Long-standing neighborhood association on SE-side is Positively Fort Wayne


FORT WAYNE, Ind. (WANE) – Residents in one of Fort Wayne’s longest serving neighborhood associations work together to help maintain the integrity of their southeast side community.

“I know everybody’s house where they used to live and I know who lives there now and I drive by and do my little roundabouts,” said neighborhood handyman Paul Gerardot, who is also a volunteer at St. Henry’s Catholic Church.

Gerardot grew up in the Hoevelwood community on Fort Wayne’s southeast side. He moved away but comes back often to help people he still considers his neighbors. “I do a lot at the church and I come out here to people’s homes and plow, cut grass, aerate if they ask me to. The one thing that Day says I need to do is learn to say no to people.”

“Paul does all that for free. He won’t accept money,” said Day Morgan. She and her husband have lived in the Hoevelwood community for 45 years. “I love this side of town,” said Morgan. It’s just wonderful, nothing like what you hear on TV or see on TV about the south side being all bad.”

Morgan has been president of the Hoevelwood Neighborhood Association for 20 years. She frequently attends local and regional neighborhood conferences that show her how to keep her community engaged while cutting down on crime and property negligence.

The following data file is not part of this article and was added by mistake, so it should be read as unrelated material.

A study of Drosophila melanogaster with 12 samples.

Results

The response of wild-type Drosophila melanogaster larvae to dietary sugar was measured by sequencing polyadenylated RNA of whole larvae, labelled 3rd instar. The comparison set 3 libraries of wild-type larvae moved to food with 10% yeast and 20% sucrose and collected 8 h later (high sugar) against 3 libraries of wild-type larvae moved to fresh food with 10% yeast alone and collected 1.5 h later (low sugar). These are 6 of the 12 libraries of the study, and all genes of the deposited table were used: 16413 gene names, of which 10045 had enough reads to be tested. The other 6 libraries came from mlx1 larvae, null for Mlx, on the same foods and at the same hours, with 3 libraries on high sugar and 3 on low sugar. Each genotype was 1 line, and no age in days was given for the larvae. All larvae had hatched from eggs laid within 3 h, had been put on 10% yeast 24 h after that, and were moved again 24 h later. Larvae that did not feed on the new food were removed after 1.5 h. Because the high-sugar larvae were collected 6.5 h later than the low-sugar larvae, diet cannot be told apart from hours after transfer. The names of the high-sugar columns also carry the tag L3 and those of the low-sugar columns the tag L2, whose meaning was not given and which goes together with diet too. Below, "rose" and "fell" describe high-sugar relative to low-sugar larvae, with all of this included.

“It is very important to have a neighborhood association,” said Morgan. “I have some of the best block captains for every block and some have two or three blocks. It’s always nice to know you’ve got people walking the block and knocking on your door asking what else can we do for you and we ask how can we make your block a little better.”

Morgan says the neighborhood association, its people and St. Henry’s Church are the main reasons the Hoevelwood neighborhood is thriving.

“I call St. Henry’s an oasis of this community,” said Gerardot. “We’re a lighthouse too because on the backside of the church we grow more than just vegetables in our community garden. We grow kindness, hope and respect.”

“Then you’ve the thrift store where people come in and they know they can find good items at reasonable prices,” said Morgan. “If they can’t afford it sometimes Paul let’s them have it for practically nothing and he always brings in the love of God and that’s what the church is all about. That’s what St. Henry’s is all about. We just love being in this area.”

There are approximately 400 neighborhood associations in Fort Wayne but only about half are still active. You can go to the City of Fort Wayne website to get information on the different associations.